Sometime in the past couple of decades, giant concerts have -- for good or bad -- become like a visit to Disneyland, a bunch of carefully measured experiences that leave little room for anything that might make a live performance seem, well, live.
On Monday night at the Staples Center -- the second North American date of "The Mrs. Carter World Show" -- Beyoncé delivered more fireworks than any theme park could. The show had high energy, dazzling technology and videos, exquisite costumes, sizzling dancing girls, music that twisted and turned and did loop de loops, running from hip-hop to R&B to world rhythms. There was even a high-wire act. Spectacle, it has plenty of. Time to appreciate the artist behind the artistry, not so much.
Not that you will likely to be disappointed by Mrs. Carter or her show. Beyoncé relentlessly powers through the performance, her talents and drive beautifully on display. The night began with pounding drums and pyrotechnics, a video with some kind of Marie Antoinette coronation theme, as Beyonce emerges from below the stage and launches into "Run the World (Girls)," a message song with Indian/Bollywood elements. She followed that with "End of Time," a funky uptempo number with African beats.
The diva then slowed things down with the ballad "Flaws and All," which seems to want to show that she's human ("I'm a bitch," she sings) and not a superwoman after all. But despite the emotion Beyonce pours into the number, we aren't expected to really believe that, are we? Then came the first of the video interludes that broke up the performance. Oddly, this one had a "You Are a Queen" conceit that seems aimed at her fans -- we know she's a queen -- with her intoning lines like "isolation brings revelation." That led to the song "If I Were a Boy," which used strains of "Bittersweet Symphony" to give it a grunge feeling.
The interludes -- some amusing, some puzzling, like the one toward the end that seemed to be a tribute to herself -- functioned to give the diva time to make costume changes. She adhered to basics: outfits of black, white, red and a blue one with a purple hue, all eye-catching. One interlude had the line "seduction is more than beauty" and then ended with "tonight I'll be a 'Naughty Girl,' " leading into that sexy dance number.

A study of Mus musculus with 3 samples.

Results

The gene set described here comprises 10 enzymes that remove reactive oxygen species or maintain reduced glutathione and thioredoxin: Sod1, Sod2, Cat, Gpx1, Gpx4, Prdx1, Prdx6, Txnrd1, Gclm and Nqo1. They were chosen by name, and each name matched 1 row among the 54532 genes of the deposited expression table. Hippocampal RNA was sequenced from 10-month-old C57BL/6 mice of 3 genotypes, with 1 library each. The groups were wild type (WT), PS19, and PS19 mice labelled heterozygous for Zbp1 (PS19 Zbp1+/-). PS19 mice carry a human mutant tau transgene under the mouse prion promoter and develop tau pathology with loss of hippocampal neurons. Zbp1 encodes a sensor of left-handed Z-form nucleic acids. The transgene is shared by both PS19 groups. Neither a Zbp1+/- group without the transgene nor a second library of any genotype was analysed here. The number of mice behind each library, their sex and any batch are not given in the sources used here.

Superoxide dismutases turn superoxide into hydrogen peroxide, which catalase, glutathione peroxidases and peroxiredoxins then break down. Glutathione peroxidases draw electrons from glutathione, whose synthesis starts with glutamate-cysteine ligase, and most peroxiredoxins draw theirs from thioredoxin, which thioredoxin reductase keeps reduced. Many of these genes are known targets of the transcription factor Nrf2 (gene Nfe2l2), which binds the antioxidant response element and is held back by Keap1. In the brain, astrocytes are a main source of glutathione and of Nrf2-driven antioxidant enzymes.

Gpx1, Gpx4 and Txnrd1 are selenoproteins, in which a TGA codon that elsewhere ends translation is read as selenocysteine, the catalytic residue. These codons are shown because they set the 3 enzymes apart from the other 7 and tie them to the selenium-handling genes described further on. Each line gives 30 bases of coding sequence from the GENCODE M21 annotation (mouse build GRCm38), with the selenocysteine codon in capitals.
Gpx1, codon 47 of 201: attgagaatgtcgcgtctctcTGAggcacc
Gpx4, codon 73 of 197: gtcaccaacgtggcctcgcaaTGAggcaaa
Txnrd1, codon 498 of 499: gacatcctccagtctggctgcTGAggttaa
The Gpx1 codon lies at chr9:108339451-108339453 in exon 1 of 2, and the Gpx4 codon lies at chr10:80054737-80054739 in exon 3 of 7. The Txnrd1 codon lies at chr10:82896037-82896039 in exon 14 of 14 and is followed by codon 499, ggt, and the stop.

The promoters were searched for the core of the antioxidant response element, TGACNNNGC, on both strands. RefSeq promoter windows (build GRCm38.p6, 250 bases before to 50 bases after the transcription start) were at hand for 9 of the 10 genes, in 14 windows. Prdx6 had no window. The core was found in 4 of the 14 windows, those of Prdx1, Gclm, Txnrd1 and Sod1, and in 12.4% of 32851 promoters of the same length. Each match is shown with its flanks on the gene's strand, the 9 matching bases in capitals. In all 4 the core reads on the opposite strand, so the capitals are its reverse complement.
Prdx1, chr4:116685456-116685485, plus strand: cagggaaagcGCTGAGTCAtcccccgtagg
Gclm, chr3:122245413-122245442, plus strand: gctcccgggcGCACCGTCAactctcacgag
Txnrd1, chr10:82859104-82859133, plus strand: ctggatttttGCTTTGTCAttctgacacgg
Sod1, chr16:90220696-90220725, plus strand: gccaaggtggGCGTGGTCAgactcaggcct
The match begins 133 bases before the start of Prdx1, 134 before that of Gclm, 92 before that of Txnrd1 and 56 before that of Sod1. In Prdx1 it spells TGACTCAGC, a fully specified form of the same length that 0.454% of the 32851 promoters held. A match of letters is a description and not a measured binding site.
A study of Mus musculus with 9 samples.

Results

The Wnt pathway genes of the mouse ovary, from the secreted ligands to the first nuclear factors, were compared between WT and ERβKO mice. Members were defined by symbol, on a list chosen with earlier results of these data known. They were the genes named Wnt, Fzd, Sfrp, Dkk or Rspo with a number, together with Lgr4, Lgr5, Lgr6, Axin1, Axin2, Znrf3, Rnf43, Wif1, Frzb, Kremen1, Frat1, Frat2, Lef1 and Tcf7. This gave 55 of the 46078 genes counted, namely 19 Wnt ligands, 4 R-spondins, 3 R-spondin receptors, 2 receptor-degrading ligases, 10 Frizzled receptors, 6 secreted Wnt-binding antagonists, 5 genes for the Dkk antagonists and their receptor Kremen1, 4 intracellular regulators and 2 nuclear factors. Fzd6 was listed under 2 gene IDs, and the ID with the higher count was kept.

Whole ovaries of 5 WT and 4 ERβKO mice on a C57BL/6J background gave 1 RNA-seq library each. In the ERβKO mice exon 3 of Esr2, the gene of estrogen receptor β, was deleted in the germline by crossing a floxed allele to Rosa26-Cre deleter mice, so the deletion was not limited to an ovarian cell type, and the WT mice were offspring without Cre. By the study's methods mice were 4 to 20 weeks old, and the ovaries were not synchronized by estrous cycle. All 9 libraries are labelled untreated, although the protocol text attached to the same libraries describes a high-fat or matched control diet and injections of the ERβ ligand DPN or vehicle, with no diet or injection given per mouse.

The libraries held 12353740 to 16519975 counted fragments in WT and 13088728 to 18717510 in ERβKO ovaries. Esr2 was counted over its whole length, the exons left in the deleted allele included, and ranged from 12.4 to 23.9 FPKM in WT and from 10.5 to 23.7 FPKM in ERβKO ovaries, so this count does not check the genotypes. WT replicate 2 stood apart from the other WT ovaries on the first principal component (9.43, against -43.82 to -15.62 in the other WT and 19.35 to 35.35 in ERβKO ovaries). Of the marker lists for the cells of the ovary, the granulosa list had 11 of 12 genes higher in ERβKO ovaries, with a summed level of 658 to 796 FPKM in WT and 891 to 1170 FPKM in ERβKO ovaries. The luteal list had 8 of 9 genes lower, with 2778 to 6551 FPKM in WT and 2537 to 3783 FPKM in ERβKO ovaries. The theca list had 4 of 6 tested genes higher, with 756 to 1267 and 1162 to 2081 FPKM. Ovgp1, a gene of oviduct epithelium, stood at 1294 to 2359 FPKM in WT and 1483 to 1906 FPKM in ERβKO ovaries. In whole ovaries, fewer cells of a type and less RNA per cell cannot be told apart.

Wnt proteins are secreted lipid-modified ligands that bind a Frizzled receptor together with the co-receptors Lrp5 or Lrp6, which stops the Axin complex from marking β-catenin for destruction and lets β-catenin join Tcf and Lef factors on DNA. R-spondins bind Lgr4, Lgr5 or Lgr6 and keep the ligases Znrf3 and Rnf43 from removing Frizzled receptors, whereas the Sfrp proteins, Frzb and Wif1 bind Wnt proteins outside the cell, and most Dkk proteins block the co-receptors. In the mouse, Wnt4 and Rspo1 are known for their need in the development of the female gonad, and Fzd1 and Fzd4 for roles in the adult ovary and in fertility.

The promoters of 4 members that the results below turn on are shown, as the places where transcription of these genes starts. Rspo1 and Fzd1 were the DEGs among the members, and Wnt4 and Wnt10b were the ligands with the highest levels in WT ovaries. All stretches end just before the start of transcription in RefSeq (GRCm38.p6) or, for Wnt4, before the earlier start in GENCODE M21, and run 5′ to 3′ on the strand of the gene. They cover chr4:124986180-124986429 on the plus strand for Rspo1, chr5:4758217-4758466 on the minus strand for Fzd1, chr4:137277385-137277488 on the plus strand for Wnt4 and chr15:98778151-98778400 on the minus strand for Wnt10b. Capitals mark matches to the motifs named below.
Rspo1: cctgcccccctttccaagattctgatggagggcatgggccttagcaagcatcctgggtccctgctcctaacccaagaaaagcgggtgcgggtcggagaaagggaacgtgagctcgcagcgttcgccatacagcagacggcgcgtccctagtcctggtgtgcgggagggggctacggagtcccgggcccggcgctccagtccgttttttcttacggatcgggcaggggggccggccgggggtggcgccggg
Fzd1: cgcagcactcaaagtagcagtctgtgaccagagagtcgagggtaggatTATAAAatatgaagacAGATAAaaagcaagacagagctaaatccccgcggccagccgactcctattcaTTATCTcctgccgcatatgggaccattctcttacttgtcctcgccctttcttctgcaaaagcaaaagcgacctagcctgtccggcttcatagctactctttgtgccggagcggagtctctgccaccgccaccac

Occasionally, Beyoncé interacted with her audience, but it was mostly limited to little teases, like one that turned into the song "Why Don't You Love Me?," another upbeat dance number. The question wasn't serious, the majority of the fans at the Staples Center were either texting their friends to make them jealous or taking snaps of the singer with their cell phones.
A highlight of the evening was when Beyoncé performed the torch song "1+1" -- where she climbed atop a grand piano and writhed while singing "pull me in close and don't let me go/ make love to me." When the spotlight moved to a sax player doing a sensuous solo, the singer disappeared into the dark and the next thing you know she was holding onto a rope and sailing over the audience, finally coming to rest on a stage at the center of the arena, all while singing the last part of the song.
Impressive, no doubt. Necessary? Not really. A passionately charged ballad delivered from the heart with real vocal style will send more electricity through an audience. But that goes to the Disneyland effect that predominates large concerts. Once, performers related more to the audiences. Sure, it was a way to for them to catch their breath, but they also talked about who they were and how or why a song was created or how it meant something to them.
Now we sell the artist as image. And since nothing slows down, the songs feel like a Disneyland ride, over before you know it and then you're back in line waiting for the next one. There is no room for mistakes, but on the other hand, there is no room for the unexpected highs, either.
Don't get me wrong. Beyoncé is an impressive performer who works hard. She's a good singer but not in the Whitney Houston echelon. She did a bit of "I Will Always Love You" on Monday as an homage to the late star, but slowed the song, avoiding any comparisons, before it morphed into her hit "Halo." Otherwise, the entertainer's act rarely lingers on anything.
Watching her do all those dance numbers is even exhausting, but fans and some critics shouldn't be too blown away. I saw Bette Midler when she was turning 60 jumping around the stage just as much, and that lady knows how to deliver a song. Beyoncé sometimes comes across as the delivery system for a multimedia concept, even as she is singing "I'm a grown woman/ I can do whatever I want."
That aside, a lot of the show is just simple fun. Of course, "Crazy In Love" -- one of the most cleverly constructed songs of the past decade -- and "Single Ladies," which the singer does back to back, brought the audience to its feet. And with fans (the kind with blades) strategically placed around the stage, Beyonce's blond hair is always blowing. It's a seductive sight. Who wouldn't want to spend an evening with Mrs. Carter?